Lately, there’s been a lot of buzz about a new genre fiction label—New Adult. In simple terms, it’s a grown-up Young Adult category. The characters are older, 18 to 30, the twentysomethings, and they take on more emotionally complicated issues as they act as adults for the first times.
The label was coined in 2009 when St. Martin’s Press held a contest looking for stories that could be marketed to both YA readers and adult readers. The contest described for new adult fiction as books “with protagonists who are slightly older than YA and can appeal to an adult audience.”
For a definition beyond those simple descriptions, YALitChat.org founder Georgia McBride interviewed an editorial assistant who worked on the St. Martin’s writing contest.
“…there is a gap in the current adult market–the literary fiction market–for fiction about twentysomethings. You never stop growing up, I think, but little in the market seems to address the coming-of-age that also happens in your 20s. This is the time of life when you are an actual, legal adult, but just because you’re able to vote (in the US, anyway) that doesn’t mean you know HOW to be one. This is the first time when you are building a life that is your OWN, away from your parents and the family that raised you. It’s a strange and scary place to be. Just as YA is fiction about discovering who you are as a person, I think NA is fiction about building your own life. (Very generalised, of course.) I hope that the creation of this category will allow the adult market to develop and expand in similar ways the children’s market did.”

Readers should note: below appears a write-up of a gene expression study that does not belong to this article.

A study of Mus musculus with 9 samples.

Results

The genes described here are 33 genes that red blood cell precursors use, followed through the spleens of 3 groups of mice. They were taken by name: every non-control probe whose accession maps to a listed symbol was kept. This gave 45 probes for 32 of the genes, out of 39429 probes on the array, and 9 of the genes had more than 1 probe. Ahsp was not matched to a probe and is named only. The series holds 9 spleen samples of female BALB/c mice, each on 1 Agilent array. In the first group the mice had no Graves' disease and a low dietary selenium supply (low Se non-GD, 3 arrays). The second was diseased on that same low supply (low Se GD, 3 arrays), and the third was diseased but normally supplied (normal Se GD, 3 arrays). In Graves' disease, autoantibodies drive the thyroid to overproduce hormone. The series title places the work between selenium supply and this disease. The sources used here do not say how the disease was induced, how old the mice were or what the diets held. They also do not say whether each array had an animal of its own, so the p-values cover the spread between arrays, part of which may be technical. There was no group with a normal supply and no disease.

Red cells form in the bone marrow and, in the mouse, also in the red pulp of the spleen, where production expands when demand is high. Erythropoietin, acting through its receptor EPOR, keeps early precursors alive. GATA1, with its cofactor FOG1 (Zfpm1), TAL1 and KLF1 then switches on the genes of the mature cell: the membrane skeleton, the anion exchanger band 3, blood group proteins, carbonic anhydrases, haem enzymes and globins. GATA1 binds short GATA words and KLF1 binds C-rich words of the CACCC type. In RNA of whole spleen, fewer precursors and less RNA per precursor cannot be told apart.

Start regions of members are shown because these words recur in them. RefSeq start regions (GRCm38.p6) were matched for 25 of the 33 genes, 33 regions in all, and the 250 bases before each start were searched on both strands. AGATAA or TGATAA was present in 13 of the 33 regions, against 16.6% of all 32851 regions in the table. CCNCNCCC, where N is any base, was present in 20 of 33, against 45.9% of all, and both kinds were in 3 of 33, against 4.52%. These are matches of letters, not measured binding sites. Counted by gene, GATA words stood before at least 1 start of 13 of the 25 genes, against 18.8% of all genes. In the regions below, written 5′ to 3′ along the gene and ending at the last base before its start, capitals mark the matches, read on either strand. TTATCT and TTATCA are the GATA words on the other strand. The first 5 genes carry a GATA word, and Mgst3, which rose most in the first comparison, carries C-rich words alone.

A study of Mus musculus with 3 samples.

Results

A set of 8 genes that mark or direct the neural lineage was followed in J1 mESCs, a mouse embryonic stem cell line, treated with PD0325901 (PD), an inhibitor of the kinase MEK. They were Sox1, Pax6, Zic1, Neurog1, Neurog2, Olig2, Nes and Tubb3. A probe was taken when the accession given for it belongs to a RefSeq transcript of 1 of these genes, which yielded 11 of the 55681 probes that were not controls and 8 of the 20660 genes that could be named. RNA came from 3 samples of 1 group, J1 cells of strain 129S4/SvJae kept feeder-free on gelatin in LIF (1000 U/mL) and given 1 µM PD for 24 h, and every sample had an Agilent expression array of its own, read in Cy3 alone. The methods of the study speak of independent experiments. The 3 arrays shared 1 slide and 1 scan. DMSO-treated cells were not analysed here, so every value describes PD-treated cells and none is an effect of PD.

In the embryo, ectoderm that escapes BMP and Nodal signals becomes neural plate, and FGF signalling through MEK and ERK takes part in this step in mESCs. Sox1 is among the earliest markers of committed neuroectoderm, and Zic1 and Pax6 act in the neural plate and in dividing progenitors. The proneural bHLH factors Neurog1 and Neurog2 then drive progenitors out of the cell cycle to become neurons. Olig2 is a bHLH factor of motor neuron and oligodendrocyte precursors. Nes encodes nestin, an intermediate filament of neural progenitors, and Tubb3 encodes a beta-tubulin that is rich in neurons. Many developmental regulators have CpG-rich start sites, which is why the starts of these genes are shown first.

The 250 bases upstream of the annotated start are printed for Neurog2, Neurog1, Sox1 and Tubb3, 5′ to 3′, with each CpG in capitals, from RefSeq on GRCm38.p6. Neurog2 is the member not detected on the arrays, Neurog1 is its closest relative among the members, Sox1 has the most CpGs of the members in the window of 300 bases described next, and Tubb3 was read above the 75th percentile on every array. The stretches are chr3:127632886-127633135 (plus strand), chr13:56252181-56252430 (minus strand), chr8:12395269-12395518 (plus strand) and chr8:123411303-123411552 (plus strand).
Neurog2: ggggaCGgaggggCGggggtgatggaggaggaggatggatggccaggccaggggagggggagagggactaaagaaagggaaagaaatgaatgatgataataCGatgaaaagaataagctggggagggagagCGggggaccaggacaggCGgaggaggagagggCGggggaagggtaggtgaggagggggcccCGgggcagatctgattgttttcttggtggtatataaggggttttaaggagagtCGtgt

With the establishment of this new genre label, I wonder what that might mean for speculative fiction. In terms of YA, the changes were huge, since the majority of that category involves some type of fantasy, usually urban fantasy or paranormal romance. Will that same trend continue into the New Adult category? Will that create a new audience for fantasy writers? Or do existing paranormal romances and urban fantasies already focus on main characters in their 20s, and the books will just get additional marketing labels slapped on them?
What are your thoughts about how the advent of New Adult will affect the speculative fiction market?